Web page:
One More Child Left Behind
How U.S. policies harm immigrant women and their children—let alone the nations they come from

The faces we usually don't see during demonstrations against immigrants, or during deportation raids at the places they work, are those of young children.

But lately, those children have come out of the shadows— like 8-year-old Saul Arellano, living with his mother Elvira Arellano under sanctuary in a Chicago church since last August as they protest her possible deportation (see “She Won’t Go Quietly” in Ms., Fall 2006). Or some of the children of about 350 factory workers, mostly women, in New Bedford, Mass., who had to be placed in temporary foster homes after their parents were suddenly seized in a March immigration raid.

Still unseen are the citizen-children left behind in the U.S. when their noncitizen parents are forced to leave. Or the children deprived of their opportunities as U.S. citizens when they choose to accompany their deported parents.

If a comprehensive immigration bill were to be enacted by the new U.S. Congress, many of the workers being de-ported might be eligible for legal status. Many labor unions already support a “future flow” of immigrants that contains a path to U.S. residency and citizenship.

Anti-immigration forces would have people believe that simply enforcing border restrictions is enough to resolve the immigration debate. In fact, immigration to the United States will never be stopped until the “supply side” of the equation is resolved. Unless our neighbors in Mexico and Latin America can create gainful employment within their countries, their people will continue to migrate north.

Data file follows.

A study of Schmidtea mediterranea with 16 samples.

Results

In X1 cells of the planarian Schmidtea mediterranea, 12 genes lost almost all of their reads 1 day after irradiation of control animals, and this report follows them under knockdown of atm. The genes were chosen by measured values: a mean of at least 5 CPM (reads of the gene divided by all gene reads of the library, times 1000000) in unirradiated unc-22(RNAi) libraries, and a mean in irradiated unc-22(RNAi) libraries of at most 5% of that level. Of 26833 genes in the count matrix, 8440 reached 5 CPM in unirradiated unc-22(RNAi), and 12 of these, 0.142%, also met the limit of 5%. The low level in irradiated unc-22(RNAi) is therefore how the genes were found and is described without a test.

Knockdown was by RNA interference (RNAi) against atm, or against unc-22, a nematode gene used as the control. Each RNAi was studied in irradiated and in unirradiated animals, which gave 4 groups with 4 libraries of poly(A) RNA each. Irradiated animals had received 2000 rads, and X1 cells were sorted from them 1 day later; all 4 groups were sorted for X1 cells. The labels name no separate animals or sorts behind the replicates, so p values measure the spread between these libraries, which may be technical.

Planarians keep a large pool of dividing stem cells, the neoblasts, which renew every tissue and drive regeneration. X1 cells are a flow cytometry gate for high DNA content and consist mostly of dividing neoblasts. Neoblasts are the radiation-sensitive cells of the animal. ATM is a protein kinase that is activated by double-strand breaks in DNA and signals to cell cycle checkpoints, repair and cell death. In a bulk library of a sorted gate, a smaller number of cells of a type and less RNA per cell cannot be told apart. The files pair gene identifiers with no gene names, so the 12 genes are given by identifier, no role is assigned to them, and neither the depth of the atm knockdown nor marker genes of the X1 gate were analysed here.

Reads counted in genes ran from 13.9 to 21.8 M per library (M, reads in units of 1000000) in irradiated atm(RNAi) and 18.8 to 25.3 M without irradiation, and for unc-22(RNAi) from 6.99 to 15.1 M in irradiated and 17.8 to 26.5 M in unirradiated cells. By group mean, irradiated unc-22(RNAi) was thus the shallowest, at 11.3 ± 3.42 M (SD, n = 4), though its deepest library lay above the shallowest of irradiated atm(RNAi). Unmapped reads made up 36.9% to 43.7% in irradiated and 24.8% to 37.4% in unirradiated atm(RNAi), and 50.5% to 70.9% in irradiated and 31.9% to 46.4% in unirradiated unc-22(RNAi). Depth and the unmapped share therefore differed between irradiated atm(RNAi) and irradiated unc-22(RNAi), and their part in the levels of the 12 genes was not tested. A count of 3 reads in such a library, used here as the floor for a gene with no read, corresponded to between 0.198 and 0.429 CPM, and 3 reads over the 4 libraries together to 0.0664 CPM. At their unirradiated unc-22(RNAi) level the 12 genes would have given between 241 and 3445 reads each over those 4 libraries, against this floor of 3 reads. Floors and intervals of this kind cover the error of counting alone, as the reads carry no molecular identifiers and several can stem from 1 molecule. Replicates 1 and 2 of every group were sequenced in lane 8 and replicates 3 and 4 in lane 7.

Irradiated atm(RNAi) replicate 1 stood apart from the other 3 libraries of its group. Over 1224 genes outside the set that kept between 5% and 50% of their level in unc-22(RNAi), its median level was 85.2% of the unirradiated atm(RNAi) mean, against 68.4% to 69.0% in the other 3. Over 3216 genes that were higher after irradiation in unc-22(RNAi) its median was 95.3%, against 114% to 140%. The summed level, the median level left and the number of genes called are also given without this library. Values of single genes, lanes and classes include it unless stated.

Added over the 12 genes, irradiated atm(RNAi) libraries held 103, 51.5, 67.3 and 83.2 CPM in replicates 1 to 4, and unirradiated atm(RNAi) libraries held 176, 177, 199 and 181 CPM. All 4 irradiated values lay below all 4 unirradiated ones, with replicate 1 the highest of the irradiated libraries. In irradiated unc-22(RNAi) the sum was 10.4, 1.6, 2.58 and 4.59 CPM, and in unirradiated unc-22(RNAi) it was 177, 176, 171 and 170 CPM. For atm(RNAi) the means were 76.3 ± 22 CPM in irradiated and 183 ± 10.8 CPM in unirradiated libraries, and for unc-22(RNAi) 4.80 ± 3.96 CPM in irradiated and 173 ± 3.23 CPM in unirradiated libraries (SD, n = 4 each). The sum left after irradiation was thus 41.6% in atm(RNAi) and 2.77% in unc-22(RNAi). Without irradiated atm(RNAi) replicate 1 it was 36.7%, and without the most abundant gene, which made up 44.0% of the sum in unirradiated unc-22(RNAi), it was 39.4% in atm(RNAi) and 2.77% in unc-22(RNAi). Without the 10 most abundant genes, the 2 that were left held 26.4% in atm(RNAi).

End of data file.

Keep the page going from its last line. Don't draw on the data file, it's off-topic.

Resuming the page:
And U.S. policies have been a major contributor to unemployment and poverty in Mexico. NAFTA has allowed U.S. businesses into Mexico that take out huge profits while providing exploitative sweatshop jobs that pay as little as 56 cents an hour. NAFTA regulations have also made it profitable to dump cheap U.S. corn into Mexico, dropping the price paid to Mexican farmers by 70 percent and causing more than 2 million of them to lose their jobs. Many of those farmers have now joined the U.S. undocumented workforce.

In Mexico, food costs are now higher than they were before NAFTA. Corn tortilla prices have risen as much as 60 percent in some areas, and will probably go higher due to the increased demand for corn to make ethanol fuel.

Compare U.S. trade policy toward our friendly neighbors to the south with U.S. foreign policy toward Japan and Germany after World War II. There, U.S. tax dollars helped the countries rebuild so they could once again have strong economies. In Mexico and Latin America, though, American corporations create giant sweatshop factories (maquiladoras), and American agribusiness displaces thousands of farmers who cannot compete with U.S. corporate might. We preach democracy and liberation to other countries, but our policies are those of economic colonization.

As immigrants seek work in the U.S., they are treated as criminals. Thousands have died crossing the U.S.-Mexican border. Bush is building a multibillion-dollar wall on the border, supposedly to keep out terrorists as well as immigrants, yet the only terrorists arrested for entering the U.S. came through the Canadian border. “Illegal alien” has become code for “people of color,” inciting activity by the Ku Klux Klan and homegrown militias such as the Minutemen.

This spring, a campaign of marches by immigrant children has begun, calling on the grand- and great-grandchildren of previous immigrants to join in the struggle. We need to encourage our congressional leadership to pass a just legalization measure for those who pick our food, clean our houses and buildings, and care for our children, elderly and disabled—contributing to the U.S. economy with their sweat and taxes while receiving few benefits of citizenship. Can we get such a bill passed? ¡Si, se puede! (Yes, we can!)


DOLORES HUERTA is the legendary feminist organizer who co-founded the United Farmworkers with Cesar Chavez.